I just finished listening to the Audio Realms audio edition of H Beam Piper's classic science fiction novel Little Fuzzy and fell in love with the book all over again. Little Fuzzy was the first book I ever bought for myself: it was on my first trip to Bakka, the world's oldest surviving science fiction bookstore, at the age of nine or ten. Tanya Huff -- now a bestselling writer in her own right -- was working that day and I asked her for some recommendations. She marched me back to the used section of the store and took down a copy of Little Fuzzy, promising that I'd love it.
Little Fuzzy is Piper's masterpiece, a tight, neat science fiction story that epitomizes the golden age of sf. It concerns a prospector on a distant world who discovers a potentially sentient aboriginal race (the "Fuzzies), and his ensuing fight -- fists, lawyers and even guns -- to get them recognized as sentient beings. Along the way, Piper explores the nature of colonial economies, the deepest questions of consciousness and intelligence, paternalism and self-determination, and the nature of the rule of law. All in a package that a nine-year-old will find riveting and delightful.
The Audio Realms 5-CD unabridged recording just won Publishers Weekly's annual Fantasy Audiobook of the Year award (why "fantasy" I'm not sure), and it's easy to see why. Brian Holsopple's reading brings the characters -- warm, human, flawed and passionate -- to life. The editing is not exactly perfect (there's a couple of pickup lines that Holsopple recorded that are left in, which is a little distracting), but the story is every bit as wonderful as I remember it, and the reading is a great match.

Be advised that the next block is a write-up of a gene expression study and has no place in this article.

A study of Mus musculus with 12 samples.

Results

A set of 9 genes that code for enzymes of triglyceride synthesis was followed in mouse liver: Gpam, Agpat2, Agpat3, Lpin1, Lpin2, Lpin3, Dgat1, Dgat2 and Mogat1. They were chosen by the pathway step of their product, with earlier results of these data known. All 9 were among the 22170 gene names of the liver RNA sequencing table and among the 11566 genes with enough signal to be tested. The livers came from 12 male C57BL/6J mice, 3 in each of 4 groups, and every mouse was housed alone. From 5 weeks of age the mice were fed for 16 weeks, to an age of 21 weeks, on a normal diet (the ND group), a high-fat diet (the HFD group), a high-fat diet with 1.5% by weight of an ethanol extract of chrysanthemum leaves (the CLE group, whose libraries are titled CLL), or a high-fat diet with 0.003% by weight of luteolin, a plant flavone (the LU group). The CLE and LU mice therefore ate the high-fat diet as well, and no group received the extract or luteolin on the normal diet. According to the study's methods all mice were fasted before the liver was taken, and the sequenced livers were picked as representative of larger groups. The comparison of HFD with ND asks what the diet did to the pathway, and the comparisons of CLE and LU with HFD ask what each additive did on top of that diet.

Little Fuzzy is in the public domain, so there's both a free ebook and a free recording available of the text. And for the record, I got Tanya Huff's job at Bakka when she retired to write full time.
Link to Audio Realms award-winning Little Fuzzy audiobook on CD,
Link to free, public domain reading of Little Fuzzy,
Link to free text for Little Fuzzy
I don’t think Stewart’s ever been in finer form, and his “I’ve been living in a cave”/Transmet schtick plays well with Colbert’s own persona.
Russel Cameron’s grotesque, beautiful sculptures “possess human characteristics such as skin texture and some form of anatomical structure,” fashioned into blobby, nightmarish, sexual forms.